FOR RELEASE: Mar. 2, 2011
CONTACT: Emily Spain (202) 224-2441
COMMITTEE ON ENVIRONMENT AND PUBLIC WORKS
HEARING: “Environmental Protection Agency’s FY2012 Proposed Budget”
Statement of Senator Thomas R. Carper
“I support the investments made in the President’s budget to promote cleaner air, healthier communities and healthier schools for our children and grandchildren. As we have seen in recent EPA reports, investments in cleaning up our air saves thousands of lives and trillions of dollars in health care costs. However, I was deeply disappointed to see funding eliminated for one of EPA’s most successful programs, the life-saving Diesel Emissions Reduction Act (DERA). This recently reauthorized program is a bipartisan, common-sense approach to cutting toxic diesel emissions that threaten the lives of our communities and our children.
“Every day, millions of children ride a school bus to school – and many of those buses have dirty diesel engines. Meaning every day, our children are exposed to toxic fumes that contribute to serious respiratory and cardiovascular problems, even death. Diesel emissions are also a potent global warming agent - reducing diesel emissions may be one of the most significant actions we can take in the short term to address global warming.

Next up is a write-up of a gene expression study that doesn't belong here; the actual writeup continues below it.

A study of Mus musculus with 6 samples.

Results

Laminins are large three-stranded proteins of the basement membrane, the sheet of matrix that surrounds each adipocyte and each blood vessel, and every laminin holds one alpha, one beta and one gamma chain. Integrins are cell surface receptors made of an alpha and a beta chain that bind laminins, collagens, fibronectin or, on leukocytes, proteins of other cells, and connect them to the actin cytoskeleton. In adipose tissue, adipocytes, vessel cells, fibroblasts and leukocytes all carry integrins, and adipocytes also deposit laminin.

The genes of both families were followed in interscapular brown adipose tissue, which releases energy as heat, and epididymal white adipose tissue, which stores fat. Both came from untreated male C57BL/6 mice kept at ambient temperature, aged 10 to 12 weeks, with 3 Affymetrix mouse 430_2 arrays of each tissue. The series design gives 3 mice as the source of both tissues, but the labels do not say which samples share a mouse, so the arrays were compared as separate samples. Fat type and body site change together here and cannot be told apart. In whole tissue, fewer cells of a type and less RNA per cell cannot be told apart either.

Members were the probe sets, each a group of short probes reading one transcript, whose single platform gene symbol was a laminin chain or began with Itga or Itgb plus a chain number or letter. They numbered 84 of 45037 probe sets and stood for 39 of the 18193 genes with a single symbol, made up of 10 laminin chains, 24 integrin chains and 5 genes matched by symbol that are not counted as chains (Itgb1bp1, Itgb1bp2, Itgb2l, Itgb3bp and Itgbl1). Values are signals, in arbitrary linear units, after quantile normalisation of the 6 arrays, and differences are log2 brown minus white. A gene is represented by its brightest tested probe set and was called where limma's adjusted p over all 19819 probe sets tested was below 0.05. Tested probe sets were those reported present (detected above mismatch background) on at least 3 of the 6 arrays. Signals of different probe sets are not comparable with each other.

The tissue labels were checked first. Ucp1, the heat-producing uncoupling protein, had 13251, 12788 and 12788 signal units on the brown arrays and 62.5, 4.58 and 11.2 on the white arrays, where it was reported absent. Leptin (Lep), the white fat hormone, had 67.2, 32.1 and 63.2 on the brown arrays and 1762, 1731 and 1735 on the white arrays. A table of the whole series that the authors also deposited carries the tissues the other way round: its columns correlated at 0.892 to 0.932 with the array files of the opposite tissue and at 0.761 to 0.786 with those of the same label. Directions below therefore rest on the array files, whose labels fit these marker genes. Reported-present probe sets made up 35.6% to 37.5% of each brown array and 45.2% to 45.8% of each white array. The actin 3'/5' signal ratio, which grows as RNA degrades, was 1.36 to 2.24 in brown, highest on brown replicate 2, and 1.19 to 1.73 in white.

“Clean diesel engines made today are reaching near zero emissions, but that does nothing for the millions of engines already in use and will be in use for the next 20 years. By retrofitting or replacing dirty diesel engines – like those on the school buses that take our children to school every day – the Diesel Emissions Reduction Act saves lives and creates a demand for clean diesel technology, which in turn creates American jobs.
“While I understand that the President's budget requires many unpopular, tough cuts, I do not understand cutting DERA, which has shown a consistent high return on its investment, for every $1 invested, we get over $13 in health and economic benefits in return. Funding DERA is a no brainer and I will work with the Administration and my colleagues to find ways to fund this effective program.”